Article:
The Battalion

The Student News Site of Texas A&M University - College Station

The Battalion


Gun control is all we have left

Photo by via
Gun Control

There have been 156 mass shootings this year alone — and it’s only April. In 2020, there were 610. Most recently, three people were killed and three were injured in Kenosha, Wis., on April 18. This month alone has seen at least 24, one hitting home in Bryan on April 8. And by the looks of the data, we’re due any minute now for another. It’s a harsh statement that has somehow become our reality. 

No one seems to want to blame the lack of both gun restrictions and education for the thousands of avoidable deaths and injuries a year.

The U.S. has one of the worst gun violence incidents of any high-income country. It makes sense why out of 100,000 people in America, 12 die by a gun. To buy a gun at any large box store, like Walmart, it’s required to have a background check sent to the FBI. They look for things like criminal convictions, domestic violence and citizenship status. However, denials only occur less than one percent of the time

But then there are gun shows, which are honestly free-for-alls. The Texas government has no requirement that ‘private individuals or unlicensed vendors’ perform background checks before selling weapons. You can also buy and sell from friends without any sort of documentation or trouble. And on top of all of this, the federal government doesn’t require gun buyers and owners to have a license. 

All of this to say: no wonder we have a skyrocketing gun problem.

About 42 percent of Americans have at least one firearm in their home. This doesn’t account for who-knows-how-many unregistered guns floating around the country. With limited research available, it’s known that the moment a gun enters a home, the likelihood of it being accidentally shot increases rapidly. Not to mention the increase in domestic violence

The issue, which is often misconstructed, is that gun violence is never the gun but the enablers. 

The enabler is a couple of things. First, it’s the laws surrounding gun access. If you look in comparison to other countries, you’ll see the stark contrast between their laws and ours. For instance, New Zealand requires evaluating mental, criminal, domestic and medical records, obtaining character references, informing and interviewing a family member, passing proper gun storage inspection, attending a gun safety course and then waiting for approval. Canada requires proof that an individual is a member at a range or that they’re a gun collector. On top of that, there’s a required safety course with a written and practical exam, two references, required permit and registration and an extensive background check.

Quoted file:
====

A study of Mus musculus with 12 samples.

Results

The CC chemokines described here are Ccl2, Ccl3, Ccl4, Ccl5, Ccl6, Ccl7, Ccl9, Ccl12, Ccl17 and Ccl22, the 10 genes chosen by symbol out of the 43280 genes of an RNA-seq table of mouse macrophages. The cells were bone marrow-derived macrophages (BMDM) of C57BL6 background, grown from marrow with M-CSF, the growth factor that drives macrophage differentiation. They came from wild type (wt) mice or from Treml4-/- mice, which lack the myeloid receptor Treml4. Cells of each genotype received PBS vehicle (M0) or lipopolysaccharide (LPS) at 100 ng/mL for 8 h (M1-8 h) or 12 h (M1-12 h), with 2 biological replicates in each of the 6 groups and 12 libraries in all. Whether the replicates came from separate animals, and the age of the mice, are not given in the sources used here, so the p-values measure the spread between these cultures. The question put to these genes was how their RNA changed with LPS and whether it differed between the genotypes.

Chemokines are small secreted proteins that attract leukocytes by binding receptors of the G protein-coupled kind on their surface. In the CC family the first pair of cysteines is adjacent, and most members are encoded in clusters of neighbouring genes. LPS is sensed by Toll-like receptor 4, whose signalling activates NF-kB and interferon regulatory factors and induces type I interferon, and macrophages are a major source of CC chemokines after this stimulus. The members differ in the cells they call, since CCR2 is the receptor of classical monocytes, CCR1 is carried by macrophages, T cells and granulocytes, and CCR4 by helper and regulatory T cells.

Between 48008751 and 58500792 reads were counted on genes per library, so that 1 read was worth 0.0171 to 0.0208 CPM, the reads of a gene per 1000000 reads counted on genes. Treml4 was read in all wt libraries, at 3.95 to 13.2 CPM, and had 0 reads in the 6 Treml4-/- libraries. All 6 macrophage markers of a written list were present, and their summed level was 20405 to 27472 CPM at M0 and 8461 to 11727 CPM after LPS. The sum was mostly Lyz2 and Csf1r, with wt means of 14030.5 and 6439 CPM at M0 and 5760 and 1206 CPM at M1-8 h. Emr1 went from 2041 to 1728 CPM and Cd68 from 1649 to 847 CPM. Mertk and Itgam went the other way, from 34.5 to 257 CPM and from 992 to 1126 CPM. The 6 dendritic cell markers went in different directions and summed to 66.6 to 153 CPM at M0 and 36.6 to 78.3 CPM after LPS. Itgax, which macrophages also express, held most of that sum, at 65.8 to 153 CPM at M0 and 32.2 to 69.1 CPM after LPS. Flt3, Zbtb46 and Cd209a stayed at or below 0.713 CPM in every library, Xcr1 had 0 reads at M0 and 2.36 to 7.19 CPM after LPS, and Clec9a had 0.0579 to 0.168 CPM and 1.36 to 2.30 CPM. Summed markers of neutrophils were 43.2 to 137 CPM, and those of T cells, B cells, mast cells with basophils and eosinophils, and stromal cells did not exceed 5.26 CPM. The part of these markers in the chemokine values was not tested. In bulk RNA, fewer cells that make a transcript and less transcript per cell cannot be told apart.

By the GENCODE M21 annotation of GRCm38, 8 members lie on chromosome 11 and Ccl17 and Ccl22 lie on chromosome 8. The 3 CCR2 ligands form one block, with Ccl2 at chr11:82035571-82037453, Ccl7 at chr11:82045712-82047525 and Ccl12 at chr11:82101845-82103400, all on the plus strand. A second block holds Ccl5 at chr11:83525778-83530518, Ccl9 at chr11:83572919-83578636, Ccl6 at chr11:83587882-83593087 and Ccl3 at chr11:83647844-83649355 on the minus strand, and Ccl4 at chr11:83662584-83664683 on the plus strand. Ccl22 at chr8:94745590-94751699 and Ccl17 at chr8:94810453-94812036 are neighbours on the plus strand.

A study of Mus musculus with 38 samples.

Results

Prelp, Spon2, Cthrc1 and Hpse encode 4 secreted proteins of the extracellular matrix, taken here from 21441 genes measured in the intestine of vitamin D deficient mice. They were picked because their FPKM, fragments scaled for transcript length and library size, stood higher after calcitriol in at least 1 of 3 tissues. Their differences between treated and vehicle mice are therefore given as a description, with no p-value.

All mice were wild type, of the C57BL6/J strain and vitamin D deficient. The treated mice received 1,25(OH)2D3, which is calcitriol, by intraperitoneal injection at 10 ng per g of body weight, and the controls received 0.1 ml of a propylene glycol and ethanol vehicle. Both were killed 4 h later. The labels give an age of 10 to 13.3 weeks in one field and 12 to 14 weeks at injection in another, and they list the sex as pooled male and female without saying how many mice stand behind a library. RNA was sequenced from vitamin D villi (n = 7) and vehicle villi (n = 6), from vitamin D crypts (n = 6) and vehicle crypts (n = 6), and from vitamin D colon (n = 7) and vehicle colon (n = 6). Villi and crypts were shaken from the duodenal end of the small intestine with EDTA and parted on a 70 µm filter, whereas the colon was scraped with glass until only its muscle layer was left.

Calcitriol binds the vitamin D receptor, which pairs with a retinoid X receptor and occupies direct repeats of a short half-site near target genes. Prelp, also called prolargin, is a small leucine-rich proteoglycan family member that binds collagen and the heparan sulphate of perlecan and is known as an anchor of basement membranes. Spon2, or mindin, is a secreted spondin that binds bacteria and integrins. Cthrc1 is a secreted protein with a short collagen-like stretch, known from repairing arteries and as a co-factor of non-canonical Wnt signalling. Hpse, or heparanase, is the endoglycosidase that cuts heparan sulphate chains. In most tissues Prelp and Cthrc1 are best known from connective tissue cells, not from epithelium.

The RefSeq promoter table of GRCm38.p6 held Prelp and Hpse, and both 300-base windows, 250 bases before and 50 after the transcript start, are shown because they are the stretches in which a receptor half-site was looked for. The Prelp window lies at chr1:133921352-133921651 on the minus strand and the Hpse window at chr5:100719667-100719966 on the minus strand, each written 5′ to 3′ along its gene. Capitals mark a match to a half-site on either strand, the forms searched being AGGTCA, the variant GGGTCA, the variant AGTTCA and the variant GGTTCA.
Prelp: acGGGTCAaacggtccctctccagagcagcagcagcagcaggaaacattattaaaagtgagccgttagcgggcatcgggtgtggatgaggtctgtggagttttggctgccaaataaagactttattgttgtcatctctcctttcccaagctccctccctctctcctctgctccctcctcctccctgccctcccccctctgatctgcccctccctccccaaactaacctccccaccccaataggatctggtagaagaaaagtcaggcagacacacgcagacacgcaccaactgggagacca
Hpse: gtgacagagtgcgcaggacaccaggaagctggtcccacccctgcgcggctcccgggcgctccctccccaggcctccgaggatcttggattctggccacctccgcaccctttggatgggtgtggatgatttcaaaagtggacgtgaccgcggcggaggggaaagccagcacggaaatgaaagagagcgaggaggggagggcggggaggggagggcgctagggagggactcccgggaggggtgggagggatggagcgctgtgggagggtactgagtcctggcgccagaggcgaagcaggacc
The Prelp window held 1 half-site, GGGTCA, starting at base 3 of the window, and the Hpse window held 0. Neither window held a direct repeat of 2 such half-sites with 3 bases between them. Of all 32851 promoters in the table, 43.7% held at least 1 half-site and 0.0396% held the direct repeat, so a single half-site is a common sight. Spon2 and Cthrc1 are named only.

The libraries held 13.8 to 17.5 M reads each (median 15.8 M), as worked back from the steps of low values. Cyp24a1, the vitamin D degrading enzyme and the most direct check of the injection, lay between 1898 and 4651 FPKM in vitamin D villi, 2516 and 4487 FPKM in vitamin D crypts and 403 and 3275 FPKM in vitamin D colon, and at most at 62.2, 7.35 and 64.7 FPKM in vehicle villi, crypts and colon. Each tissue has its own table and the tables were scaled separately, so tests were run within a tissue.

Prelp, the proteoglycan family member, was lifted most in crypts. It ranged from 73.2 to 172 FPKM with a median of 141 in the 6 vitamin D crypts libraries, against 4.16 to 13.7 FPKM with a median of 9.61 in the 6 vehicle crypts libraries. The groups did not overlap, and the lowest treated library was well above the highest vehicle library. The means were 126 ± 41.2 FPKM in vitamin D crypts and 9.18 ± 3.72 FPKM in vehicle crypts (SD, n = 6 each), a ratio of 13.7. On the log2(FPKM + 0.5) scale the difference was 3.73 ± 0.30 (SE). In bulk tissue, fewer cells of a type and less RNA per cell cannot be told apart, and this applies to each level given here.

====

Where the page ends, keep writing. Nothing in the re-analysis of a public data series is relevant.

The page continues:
Quite the difference from America where an 18-year-old can waltz into Ma and Pop’s gun store and buy an AK-47 with no questions asked. 

These countries and many others have these laws not because they’re trying to take away their citizens’ rights but so their citizens can live to exercise those rights. 

Out of the thousands of gun deaths, there hasn’t been a single recent bill passed in America to combat this issue. The Constitutional Carry bill about to hit the Texas Senate floor would allow Texans to conceal carry without a permit or training. Based on the data shown, it is an ignorant and deadly proposal. The argument is that the right to bear arms is our inalienable right, but so is our right to live a full life. The objective shouldn’t be to take away Americans’ guns but to instill a more thorough process to receiving a gun. 

The second type of enabler is the gun operator. One in four American gun owners has received proper training on how to use a gun. Twenty-three thousand suicides a year are carried about with a gun. About 500 people die from unintentional shootings every year. Americans are four times more likely to be injured unintentionally by a gun than any other high-income country. Indeed, the number one reason people decide to purchase a gun is for personal safety, but that goes out the window if you can’t properly fire it. More than 80 percent of a survey’s respondents reported they think gun safety training should be required. So, why aren’t they? Well, because it’s classified as gun control. 

Gun control has this nasty stigma attached to it that many understand to be “taking away guns,” which isn’t it at all. Safety training is not an infringement on our rights but an exaltation of them. The gun violence epidemic in our lap is something that can be changed and apprehended. A permit is required to drive a car, cook in a restaurant, operate a stinking elevator — all for safety purposes. 

In the past decade, hundreds of thousands of people have lost their lives to guns. It’s incomprehensible that change hasn’t been made. The first step that needs to be made is legislation and then education. 

Kaelin Connor is a psychology junior and opinion writer for The Battalion.

Editor’s note: A previous version of this column included the sentence “The government has no requirement on registration or background checks when purchasing a gun at these shows.”

This has been corrected to say “The Texas government has no requirement that ‘private individuals or unlicensed vendors’ perform background checks before selling weapons.”